No evidence indicates that scrapie is a risk to humans or other livestock (other than goats). Cattle could not be infected with scrapie orally, and although cattle experimentally infected with scrapie via injection directly into the brain developed clinical signs, the direct injection of scrapie into the brain doesn’t indicate an ability to infect cattle naturally.15 Nonetheless, scrapie constitutes a $20 million to $25 million loss to U.S. producers, primarily due to trade restrictions in foreign markets.16 

As with other TSEs, no effective treatments or vaccines are yet available for scrapie. Therefore, control efforts have focused on import restrictions, identifying and depopulating infected animals and selectively breeding for scrapie resistance. 

The European Union has breeding programs in place to encourage the prevalence of scrapie-resistant genotypes in their respective herds.17 While the United States doesn’t have an official breeding program concerning resistant genotypes, some U.S. producers have implemented breeding programs. However, the discovery of “atypical” forms of scrapie in animals with classical scrapie-resistant genotypes may mean that selective breeding programs need to be adjusted to address atypical forms of scrapie in addition to classical scrapie.18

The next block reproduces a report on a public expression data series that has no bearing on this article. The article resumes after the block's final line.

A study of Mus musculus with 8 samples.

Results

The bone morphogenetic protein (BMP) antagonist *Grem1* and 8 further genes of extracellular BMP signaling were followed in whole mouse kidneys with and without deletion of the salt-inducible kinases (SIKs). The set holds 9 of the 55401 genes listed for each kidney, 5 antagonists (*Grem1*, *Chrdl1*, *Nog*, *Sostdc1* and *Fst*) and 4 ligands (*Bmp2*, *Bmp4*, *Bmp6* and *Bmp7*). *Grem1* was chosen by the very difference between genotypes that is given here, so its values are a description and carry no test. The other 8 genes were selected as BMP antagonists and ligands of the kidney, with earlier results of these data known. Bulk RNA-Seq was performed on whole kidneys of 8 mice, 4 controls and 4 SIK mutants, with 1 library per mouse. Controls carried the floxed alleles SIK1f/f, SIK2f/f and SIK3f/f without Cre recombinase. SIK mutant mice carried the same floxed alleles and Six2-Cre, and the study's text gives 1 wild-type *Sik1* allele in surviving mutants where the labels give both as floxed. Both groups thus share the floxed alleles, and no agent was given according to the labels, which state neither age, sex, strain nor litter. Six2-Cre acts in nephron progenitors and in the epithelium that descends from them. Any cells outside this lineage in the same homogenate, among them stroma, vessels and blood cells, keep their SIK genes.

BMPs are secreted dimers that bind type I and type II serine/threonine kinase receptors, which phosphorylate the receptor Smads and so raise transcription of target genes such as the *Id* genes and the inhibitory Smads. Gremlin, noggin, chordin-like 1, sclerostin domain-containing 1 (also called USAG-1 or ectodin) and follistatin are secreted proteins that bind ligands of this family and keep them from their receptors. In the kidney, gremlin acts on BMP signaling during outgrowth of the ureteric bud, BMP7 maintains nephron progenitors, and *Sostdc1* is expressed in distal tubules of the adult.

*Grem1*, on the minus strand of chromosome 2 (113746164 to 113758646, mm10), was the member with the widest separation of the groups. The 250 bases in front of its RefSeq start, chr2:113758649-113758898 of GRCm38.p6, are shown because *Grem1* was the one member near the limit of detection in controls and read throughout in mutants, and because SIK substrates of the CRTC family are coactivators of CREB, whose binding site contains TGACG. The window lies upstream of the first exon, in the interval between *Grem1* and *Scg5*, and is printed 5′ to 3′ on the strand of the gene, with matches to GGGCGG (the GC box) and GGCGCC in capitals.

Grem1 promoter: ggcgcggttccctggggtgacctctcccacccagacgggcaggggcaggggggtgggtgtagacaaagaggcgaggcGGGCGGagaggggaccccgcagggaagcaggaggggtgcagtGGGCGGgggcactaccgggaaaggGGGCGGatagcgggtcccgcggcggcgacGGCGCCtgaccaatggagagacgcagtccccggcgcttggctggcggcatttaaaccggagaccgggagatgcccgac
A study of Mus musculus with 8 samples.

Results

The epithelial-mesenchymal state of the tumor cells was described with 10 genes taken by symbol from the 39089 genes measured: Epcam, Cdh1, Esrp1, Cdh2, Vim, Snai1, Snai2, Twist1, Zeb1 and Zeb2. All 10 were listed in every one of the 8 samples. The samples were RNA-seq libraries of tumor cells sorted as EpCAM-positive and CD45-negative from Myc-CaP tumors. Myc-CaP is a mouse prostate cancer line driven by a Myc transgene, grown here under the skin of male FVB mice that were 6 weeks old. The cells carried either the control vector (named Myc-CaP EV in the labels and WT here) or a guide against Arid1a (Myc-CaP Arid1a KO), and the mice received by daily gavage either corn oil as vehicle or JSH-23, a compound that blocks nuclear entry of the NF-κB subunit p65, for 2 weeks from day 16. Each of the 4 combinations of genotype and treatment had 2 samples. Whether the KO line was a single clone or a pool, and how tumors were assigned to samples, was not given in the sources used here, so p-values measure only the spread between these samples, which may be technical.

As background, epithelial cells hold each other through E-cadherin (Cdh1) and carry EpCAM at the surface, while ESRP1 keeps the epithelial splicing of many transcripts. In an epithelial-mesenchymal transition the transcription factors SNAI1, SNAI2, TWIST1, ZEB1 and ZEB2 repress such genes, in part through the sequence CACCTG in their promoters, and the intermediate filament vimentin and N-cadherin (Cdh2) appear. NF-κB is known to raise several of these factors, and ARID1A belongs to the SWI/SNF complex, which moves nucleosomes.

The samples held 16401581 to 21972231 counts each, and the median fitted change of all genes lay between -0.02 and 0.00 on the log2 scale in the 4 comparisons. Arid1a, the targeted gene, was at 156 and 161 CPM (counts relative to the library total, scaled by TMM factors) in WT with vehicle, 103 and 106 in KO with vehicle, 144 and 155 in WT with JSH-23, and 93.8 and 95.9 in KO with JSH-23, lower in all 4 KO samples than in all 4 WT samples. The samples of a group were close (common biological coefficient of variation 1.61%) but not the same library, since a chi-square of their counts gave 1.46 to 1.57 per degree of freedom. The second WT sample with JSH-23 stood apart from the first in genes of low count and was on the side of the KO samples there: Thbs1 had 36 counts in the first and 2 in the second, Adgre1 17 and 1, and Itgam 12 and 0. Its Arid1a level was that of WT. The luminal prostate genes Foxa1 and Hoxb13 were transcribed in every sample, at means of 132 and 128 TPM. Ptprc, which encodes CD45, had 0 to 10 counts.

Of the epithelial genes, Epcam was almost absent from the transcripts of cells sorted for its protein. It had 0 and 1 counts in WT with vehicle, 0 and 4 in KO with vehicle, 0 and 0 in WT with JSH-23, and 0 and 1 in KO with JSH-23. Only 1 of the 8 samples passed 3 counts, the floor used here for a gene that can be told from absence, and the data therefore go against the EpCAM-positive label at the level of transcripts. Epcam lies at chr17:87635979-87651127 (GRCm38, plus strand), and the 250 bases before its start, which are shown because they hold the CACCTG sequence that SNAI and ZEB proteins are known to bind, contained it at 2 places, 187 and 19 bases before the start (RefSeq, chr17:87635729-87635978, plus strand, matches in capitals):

The United States also has an accelerated scrapie eradication program based on the following key concepts:1

  • Identification of preclinical infected sheep through live animal testing and active harvest surveillance,
  • Effective tracing of infected animals to their flock/herd of origin made possible as a result of the identification requirements,
  • Providing effective genetic-based flock cleanup strategies that will allow producers to stay in business preserve breeding stock and remain economically viable. APHIS provides the following to exposed and infected flocks/herds that participate in cleanup or monitoring plans:
    1. Indemnity for high-risk, suspect, and scrapie positive sheep and goats, which owners agree to destroy,
    2. Scrapie live-animal testing,
    3. Genetic testing, and
    4. Testing of exposed animals that have been sold out of infected and source flocks/herds.